Widely dubbed the love hormone, numerous other names have been given to oxytocin recently - hug hormone, cuddle chemical, moral molecule, bliss hormone - since researchers have begun to uncover its effects on behavior, including its role in love, in addition to its female biological functions in reproduction.
What is oxytocin, and what does it do?
Oxytocin is a hormone that is made in the brain, in the hypothalamus, and it is transported to, and secreted by, the pituitary gland, which is located at the base of the brain.1
Chemically it is known as a nonapeptide (a peptide containing nine amino acids), and biologically, as a neuropeptide. It acts both as a hormone and as a brain neurotransmitter.
The release of oxytocin by the pituitary gland acts to regulate two female reproductive functions:1,2
The release of the hormone during labor makes the muscles of the uterus, womb, contract - in other words, it increases uterine motility. The release of oxytocin is triggered by the widening of the cervix and vagina during labor, and this effect is in turn increased by the subsequent contractions.3
The main role of oxytocin is summed up nicely in a research paper by obstetric and gynecology specialists Navneet Magon and Sanjay Kalra:2
"It is released in large amounts during labor, and after stimulation of the nipples. It is a facilitator for childbirth and breast-feeding."
Stimulation of the nipples results in oxytocin release and milk let-down.
Other researchers sum up the reproductive importance of oxytocin by saying it "serves the continued propagation of a species," adding that through evolution its "repertoire has expanded to maintain a central role in more complicated aspects of reproductive behavior. For these reasons, we call oxytocin the great facilitator of life."1
Oxytocin, used as a prescription drug, is also known by the brand name Pitocin (and Syntocinon, although this is no longer on the market).4
Doctors prescribe oxytocin to start birth contractions or strengthen them during labor. It is also used to reduce bleeding after child delivery.4,5 The drug also has a role in the medical termination of pregnancy or during miscarriage.5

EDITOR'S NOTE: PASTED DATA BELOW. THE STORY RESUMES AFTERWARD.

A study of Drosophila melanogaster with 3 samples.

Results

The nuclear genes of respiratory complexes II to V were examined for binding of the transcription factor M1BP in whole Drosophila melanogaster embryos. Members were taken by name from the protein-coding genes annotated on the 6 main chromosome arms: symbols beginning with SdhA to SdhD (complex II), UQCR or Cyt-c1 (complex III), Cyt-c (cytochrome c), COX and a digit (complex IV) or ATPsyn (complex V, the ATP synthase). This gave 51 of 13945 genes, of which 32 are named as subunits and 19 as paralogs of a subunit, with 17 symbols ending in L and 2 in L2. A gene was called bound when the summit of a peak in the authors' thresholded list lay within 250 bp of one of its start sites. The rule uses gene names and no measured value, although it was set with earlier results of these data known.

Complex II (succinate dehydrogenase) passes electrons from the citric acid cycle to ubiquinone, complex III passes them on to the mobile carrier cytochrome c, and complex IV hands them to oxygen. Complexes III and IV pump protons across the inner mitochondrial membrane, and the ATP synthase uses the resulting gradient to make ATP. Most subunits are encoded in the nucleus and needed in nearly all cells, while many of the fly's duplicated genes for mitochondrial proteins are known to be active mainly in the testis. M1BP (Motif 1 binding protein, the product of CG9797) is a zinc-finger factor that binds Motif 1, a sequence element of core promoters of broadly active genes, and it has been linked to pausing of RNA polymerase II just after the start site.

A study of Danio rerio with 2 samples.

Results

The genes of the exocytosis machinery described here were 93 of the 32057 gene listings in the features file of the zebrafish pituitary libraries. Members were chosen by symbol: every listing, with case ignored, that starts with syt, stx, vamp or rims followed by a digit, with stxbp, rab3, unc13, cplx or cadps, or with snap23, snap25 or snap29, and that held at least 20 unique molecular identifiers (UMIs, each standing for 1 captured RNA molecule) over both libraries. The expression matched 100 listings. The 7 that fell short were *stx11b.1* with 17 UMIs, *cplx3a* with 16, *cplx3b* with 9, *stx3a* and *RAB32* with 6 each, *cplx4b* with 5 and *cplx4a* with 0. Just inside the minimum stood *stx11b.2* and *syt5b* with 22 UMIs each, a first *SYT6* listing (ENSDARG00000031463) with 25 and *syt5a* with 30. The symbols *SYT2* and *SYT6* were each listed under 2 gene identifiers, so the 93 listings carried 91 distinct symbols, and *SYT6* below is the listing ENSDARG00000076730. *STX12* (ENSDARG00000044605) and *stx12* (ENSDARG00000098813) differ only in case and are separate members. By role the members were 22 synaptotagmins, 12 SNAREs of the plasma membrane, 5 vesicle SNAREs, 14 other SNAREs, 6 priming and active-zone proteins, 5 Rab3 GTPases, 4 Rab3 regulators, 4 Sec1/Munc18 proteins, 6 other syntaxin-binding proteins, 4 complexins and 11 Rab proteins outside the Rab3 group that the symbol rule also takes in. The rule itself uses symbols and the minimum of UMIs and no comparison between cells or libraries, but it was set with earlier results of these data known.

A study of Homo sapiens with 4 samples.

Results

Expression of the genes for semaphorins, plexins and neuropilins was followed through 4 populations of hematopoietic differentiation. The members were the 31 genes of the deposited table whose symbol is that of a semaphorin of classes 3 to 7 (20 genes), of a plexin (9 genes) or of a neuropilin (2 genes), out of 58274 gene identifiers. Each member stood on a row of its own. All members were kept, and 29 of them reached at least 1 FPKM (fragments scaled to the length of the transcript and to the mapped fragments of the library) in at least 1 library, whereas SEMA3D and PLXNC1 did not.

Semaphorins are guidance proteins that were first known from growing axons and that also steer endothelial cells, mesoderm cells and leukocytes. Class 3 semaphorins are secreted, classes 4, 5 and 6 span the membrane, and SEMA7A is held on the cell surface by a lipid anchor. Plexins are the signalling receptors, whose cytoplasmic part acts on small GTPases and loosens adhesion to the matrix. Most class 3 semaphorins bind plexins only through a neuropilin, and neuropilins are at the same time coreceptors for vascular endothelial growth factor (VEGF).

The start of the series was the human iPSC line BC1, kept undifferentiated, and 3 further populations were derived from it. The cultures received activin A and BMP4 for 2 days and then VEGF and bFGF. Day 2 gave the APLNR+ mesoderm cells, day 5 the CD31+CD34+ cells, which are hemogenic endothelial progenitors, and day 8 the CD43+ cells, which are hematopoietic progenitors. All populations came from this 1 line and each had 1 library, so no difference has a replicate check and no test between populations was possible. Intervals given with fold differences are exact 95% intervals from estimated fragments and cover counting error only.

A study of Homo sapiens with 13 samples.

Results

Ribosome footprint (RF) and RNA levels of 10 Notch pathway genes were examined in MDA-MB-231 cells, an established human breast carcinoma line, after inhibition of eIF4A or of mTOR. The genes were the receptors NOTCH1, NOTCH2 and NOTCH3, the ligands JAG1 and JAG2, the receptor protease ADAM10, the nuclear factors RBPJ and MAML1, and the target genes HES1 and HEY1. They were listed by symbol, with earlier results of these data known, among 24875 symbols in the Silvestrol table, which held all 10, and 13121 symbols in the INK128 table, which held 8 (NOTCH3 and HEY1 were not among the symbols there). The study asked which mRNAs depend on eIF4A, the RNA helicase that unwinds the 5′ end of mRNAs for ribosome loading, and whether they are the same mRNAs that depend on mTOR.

Oxytocin's effects on emotion
Oxytocin is released into the bloodstream to produce its classic effects on the uterus and breast milk, but it is also released into defined regions of the brain that are involved in emotional, cognitive, and social behaviors.6One review of the evidence says oxytocin "has attracted intense attention" after the discovery of its "amazing variety of behavioral functions."6
The review, by Inga Neumann, says oxytocin has an impact on "pro-social behaviors" and emotional responses that contribute to:6
- Psychological stability.
However, another review notes that the hormone does not act alone in the chemistry of love, but is "just one important component of a complex neurochemical system that allows the body to adapt to highly emotive situations."7
Oxytocin has been the focus of research into the biology of love.
Another review has also sounded caution, calling for research to look more to the general effects than to the specific effects of oxytocin that are being interpreted.
"After all, it is rather unlikely that any widely acting hormone or neurotransmitter will be narrowly funneled to modulate complex, high-order mental processes that are specific to social cognition," say the authors of a 2013 paper.8
Scientific research has nonetheless uncovered brain oxytocin's specific ability to modulate social behavior, including effects on motherly care and aggression, bonding between couples, sexual behavior, social memory, and trust.6
One of the so-called 'love hormone' studies was published in 2012, and it examined oxytocin levels in new lovers versus those in single people. It found that there were high levels of the hormone in the first stages of romantic attachment, and these were sustained for six months.9
On the next page we look at how oxytocin is released during sex, the behavioral effects of oxytocin and its potential as a psychiatric therapy.